Dictionary of National Biography, 1885-1900/Halfpenny, Joseph
HALFPENNY, JOSEPH (1748–1811), topographical draughtsman and engraver, was born on 9 Oct. 1748, at Bishopsthorpe in Yorkshire, where his father was gardener to the Archbishop of York. He was apprenticed to a house-painter, and practised house-painting in York for some years. He afterwards raised himself to the position of an artist and a teacher of drawing. He acted as clerk of the works to John Carr the architect (1723–1807) [q. v.] when he was restoring the cathedral at York, and skilfully repaired some of its old decoration. From the scaffolding then erected he made those drawings of Gothic ornaments for which he is principally remembered.
In 1795 he commenced to publish by subscription his ‘Gothic Ornaments in the Cathedral Church of York,’ which was completed in twenty numbers in 1800. It was reprinted in 1807 under the old date, and a second edition appeared in 1831. The work consists of 175 specimens of ornament and four views of the interior of the church and chapter-house. It is specially valuable as depicting portions of the building since injured by fire. His ‘Fragmenta Vetusta, or the Remains of Ancient Buildings in York,’ was published in 1807. In both these works he was his own engraver. He drew and engraved the monument of Archbishop Bowet in York Minster for the second volume of Gough's ‘Sepulchral Monuments,’ and an etching in the British Museum of a portrait (by L. Pickard) of Henry Howard, earl of Northampton, who died in 1614, is ascribed to him by Granger. The Grenville Library (British Museum) contains five views of churches in Yorkshire, published in 1816 and 1817 (after his death) by his daughters, Margaret and Charlotte Halfpenny. In the South Kensington Museum is a water-colour drawing by him of ‘The Bridge, Fountains Abbey, Yorkshire’ (1793); and in the British Museum a ‘Landscape with Mansion in the Distance’ (1793), purchased at the sale of the Percy collection in April 1890.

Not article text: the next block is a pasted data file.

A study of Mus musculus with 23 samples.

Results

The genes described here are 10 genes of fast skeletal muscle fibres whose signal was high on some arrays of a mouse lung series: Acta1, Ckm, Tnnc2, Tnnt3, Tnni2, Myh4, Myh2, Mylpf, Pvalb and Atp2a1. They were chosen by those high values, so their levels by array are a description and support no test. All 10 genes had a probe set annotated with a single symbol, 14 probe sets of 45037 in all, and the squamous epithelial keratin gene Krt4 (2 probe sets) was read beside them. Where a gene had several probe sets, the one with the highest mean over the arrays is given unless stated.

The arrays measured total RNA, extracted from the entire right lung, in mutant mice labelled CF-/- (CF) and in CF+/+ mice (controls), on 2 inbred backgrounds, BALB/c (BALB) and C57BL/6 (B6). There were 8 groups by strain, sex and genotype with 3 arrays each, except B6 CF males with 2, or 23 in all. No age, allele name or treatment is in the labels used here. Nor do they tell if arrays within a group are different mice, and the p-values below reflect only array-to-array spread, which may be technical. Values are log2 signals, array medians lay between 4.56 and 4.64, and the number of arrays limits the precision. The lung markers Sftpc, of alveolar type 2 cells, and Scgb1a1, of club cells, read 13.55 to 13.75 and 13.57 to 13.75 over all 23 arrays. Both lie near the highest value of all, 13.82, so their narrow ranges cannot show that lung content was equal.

He was twice married, and was survived by two daughters. He died at his house in the Gillygate, York, on 11 July 1811, and was buried in the churchyard of St. Olave's, adjoining the ruins of the old abbey.
[Redgrave's Dict. of Artists; Gent. Mag. 1800 pt. ii. p. 760, 1811 pt. ii. p. 91; Bryan's Dict. of Painters and Engravers (Graves's edition); Gough's Sepulchral Monuments, ii. pt. i. p. 11, and pt. ii. plate xxvii. p. 75; Hargrove's Hist. of York, 1818, pp. 599, 600; Browne's Metropolitan Church of St. Peter, York, 1847, p. 318, in the index of which the name is erroneously given as William Halfpenny; Lowndes's Bibliographer's Manual; Brit. Mus. Cat. of Printed Books; Brit. Mus. Print Room Cat.; Cat. of Gallery of British Art at South Kensington.]